Structured Query Language (SQL)


Selecting Data

SELECT is used to query the database to retrieve data based on the criteria in the query:

SELECT "column1"
  FROM "tablename"
  [WHERE "condition"];

The LIKE pattern matching operator can be used to match groups of string with wildcard operator %. WHERE column1 LIKE '%s'; will match all rows from selected, whose column 1 ends with an 's'.

Creating Tables

CREATE TABLE "tablename" 
("column1" "data type"
 "column2" "data type"
 "column3" "data type"

Data Types

Data types take a size argument.

char() (max 255 bytes), varchar() (no max), number() (size specifies # of digits), date, number(size,d) (d specifies # of decimal points.


A rule associated with a column that the data entered must follow. A UNIQUE constraint specifies that no two records can share a value. NOT NULL, PRIMARY KEY defines unique identifier (like id fields).

Inserting into Table

INSERT INTO employee
  (first, last, age, address, city, state)
  VALUES ('Luke', 'Duke', 45, '2130 Boars Nest', 
          'Hazard Co', 'Georgia');

Updating Records

Update all records that match a condition.

UPDATE "tablename"
SET "columnname" = 
 [,"nextcolumn" = 
WHERE "columnname" 
  OPERATOR "value" 
 [AND|OR "column" 
  OPERATOR "value"];

[ ] = optional

Deleting Records

DELETE FROM "tablename"

WHERE "columnname" 
  OPERATOR "value" 
[and|or "column" 
  OPERATOR "value"];

[ ] = optional

DROP TABLE "tablename"

deletes all records AND the table.

Advanced Selecting

SQL is powerful for selecting groups of records quickly. DISTINCT selects unique records:

SELECT DISTINCT column1 FROM tablename

Aggregate Functions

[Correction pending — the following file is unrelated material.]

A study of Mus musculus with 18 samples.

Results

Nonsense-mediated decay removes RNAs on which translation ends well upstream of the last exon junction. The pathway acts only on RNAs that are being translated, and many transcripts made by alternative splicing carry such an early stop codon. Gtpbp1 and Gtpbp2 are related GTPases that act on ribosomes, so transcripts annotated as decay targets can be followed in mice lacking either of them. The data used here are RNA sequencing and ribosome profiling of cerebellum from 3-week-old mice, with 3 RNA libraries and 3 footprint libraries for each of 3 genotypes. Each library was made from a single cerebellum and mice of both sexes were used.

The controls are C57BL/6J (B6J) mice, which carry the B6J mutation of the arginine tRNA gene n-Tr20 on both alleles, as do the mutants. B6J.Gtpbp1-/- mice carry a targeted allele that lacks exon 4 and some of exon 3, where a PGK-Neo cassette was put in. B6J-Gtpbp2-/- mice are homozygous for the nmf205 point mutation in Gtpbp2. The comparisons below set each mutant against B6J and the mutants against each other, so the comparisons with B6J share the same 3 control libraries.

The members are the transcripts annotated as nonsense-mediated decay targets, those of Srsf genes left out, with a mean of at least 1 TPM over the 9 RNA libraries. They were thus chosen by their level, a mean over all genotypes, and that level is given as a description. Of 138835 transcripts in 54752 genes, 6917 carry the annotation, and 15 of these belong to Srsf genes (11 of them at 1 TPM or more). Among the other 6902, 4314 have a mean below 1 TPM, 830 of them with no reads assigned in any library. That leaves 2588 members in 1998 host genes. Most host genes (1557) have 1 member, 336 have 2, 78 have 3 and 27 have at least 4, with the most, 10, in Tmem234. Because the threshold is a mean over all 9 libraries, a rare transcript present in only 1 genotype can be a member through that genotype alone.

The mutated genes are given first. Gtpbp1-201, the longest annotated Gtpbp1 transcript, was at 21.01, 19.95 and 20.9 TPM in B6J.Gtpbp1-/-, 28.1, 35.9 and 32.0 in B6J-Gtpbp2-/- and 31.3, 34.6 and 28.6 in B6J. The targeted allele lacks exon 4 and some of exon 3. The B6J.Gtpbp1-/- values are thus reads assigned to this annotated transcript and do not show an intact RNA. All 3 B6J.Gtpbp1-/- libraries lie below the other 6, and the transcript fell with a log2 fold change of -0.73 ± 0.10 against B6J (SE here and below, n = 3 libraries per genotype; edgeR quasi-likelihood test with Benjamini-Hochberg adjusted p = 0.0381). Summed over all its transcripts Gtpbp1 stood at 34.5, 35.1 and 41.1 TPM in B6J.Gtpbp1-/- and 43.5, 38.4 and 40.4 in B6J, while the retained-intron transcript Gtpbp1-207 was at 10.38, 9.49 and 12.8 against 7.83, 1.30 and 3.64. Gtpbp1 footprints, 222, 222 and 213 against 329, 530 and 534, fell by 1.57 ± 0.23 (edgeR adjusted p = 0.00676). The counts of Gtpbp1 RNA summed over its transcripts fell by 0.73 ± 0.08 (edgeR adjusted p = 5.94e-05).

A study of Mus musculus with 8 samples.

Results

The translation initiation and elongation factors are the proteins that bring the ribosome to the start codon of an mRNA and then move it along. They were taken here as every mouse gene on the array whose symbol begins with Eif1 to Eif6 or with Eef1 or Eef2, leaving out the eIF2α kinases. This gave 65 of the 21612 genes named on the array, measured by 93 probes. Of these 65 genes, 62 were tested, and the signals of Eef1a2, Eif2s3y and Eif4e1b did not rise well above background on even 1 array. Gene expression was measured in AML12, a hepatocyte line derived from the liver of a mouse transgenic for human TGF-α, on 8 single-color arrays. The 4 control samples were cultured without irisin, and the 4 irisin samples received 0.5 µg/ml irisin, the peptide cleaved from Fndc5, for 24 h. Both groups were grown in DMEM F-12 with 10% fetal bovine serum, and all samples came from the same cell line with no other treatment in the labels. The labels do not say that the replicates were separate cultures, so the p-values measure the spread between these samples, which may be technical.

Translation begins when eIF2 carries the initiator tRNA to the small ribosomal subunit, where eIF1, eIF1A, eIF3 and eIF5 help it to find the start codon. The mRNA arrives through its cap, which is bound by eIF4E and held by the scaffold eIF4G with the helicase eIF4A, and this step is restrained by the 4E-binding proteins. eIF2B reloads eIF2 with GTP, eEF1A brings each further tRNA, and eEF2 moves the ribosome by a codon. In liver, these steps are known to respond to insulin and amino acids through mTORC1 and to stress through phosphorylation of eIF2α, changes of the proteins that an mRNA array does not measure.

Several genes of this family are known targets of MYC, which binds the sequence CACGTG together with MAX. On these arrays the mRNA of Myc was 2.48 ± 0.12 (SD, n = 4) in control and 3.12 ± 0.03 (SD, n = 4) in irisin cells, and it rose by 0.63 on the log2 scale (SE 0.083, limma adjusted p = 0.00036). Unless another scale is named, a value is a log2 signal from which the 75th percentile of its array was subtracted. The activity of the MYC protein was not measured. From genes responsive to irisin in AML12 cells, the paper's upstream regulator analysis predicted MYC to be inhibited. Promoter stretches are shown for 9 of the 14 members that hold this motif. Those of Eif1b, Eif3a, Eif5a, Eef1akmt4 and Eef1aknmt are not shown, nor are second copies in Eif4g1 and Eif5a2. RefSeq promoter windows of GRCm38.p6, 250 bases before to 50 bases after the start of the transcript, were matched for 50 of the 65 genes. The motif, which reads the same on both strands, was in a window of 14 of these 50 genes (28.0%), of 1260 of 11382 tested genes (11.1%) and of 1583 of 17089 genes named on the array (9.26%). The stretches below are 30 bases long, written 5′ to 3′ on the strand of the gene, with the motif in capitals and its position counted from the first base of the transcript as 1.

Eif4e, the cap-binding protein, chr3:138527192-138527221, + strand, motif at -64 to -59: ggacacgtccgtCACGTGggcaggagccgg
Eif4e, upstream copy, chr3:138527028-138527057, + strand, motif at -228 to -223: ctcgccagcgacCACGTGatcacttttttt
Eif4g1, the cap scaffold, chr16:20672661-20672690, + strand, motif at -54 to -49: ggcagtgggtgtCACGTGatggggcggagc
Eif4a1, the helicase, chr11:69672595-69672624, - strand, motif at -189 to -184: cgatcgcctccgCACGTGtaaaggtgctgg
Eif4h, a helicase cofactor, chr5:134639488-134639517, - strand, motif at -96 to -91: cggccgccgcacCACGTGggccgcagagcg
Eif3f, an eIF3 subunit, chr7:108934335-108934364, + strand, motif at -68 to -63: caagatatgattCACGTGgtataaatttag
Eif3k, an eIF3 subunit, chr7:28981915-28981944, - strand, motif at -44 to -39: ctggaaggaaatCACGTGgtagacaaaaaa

For numeric columns, MIN, MAX, SUM, AVG, COUNT (returns # of values in column)

Example: Find highest paid employees in each department:

SELECT max(salary), dept
FROM employee 
GROUP BY dept;

HAVING clause

HAVING follows a GROUP BY clause that specifies a condition to filter out rows after aggregations (not to be confused with WHERE which introduces a condition on individual rows).

ORDER BY clause

ORDER BY is optional clause which allows displayed results of query to be sorted.

SELECT column1, SUM(column2) 
FROM "list-of-tables" 
ORDER BY "column-list" [ASC | DESC];

In & Between

IN is a conditional operator that is a set membership.

SELECT employeeid, lastname, salary
FROM employee_info
WHERE lastname IN ('Hernandez', 'Jones', 'Roberts', 'Ruiz');

BETWEEN is a conditional operator for a range.

SELECT employeeid, age, lastname, salary
FROM employee_info

Table Joins

A join is selecting from multiple tables: FROM table1, table2. Table joins are an integral part of relational databases. If you have customers making purchases, one table would be wasteful, since customer information would be copied for each purchase.

For tables customers and purchases, an inner join would look like:

SELECT customers.first, customers.last, purchases.item
FROM customers, purchases
WHERE customers.customer_id = purchases.customer_id;

Or the proper/equivalent syntax (add INNER JOIN and replace WHERE with ON:

SELECT customers.first, customers.last, purchases.item
FROM customers INNER JOIN purchases
ON customers.customer_id = purchases.customer_id;

Table Union

UNION puts rows from 2 queries after each other. UNION requires both queries to share columns.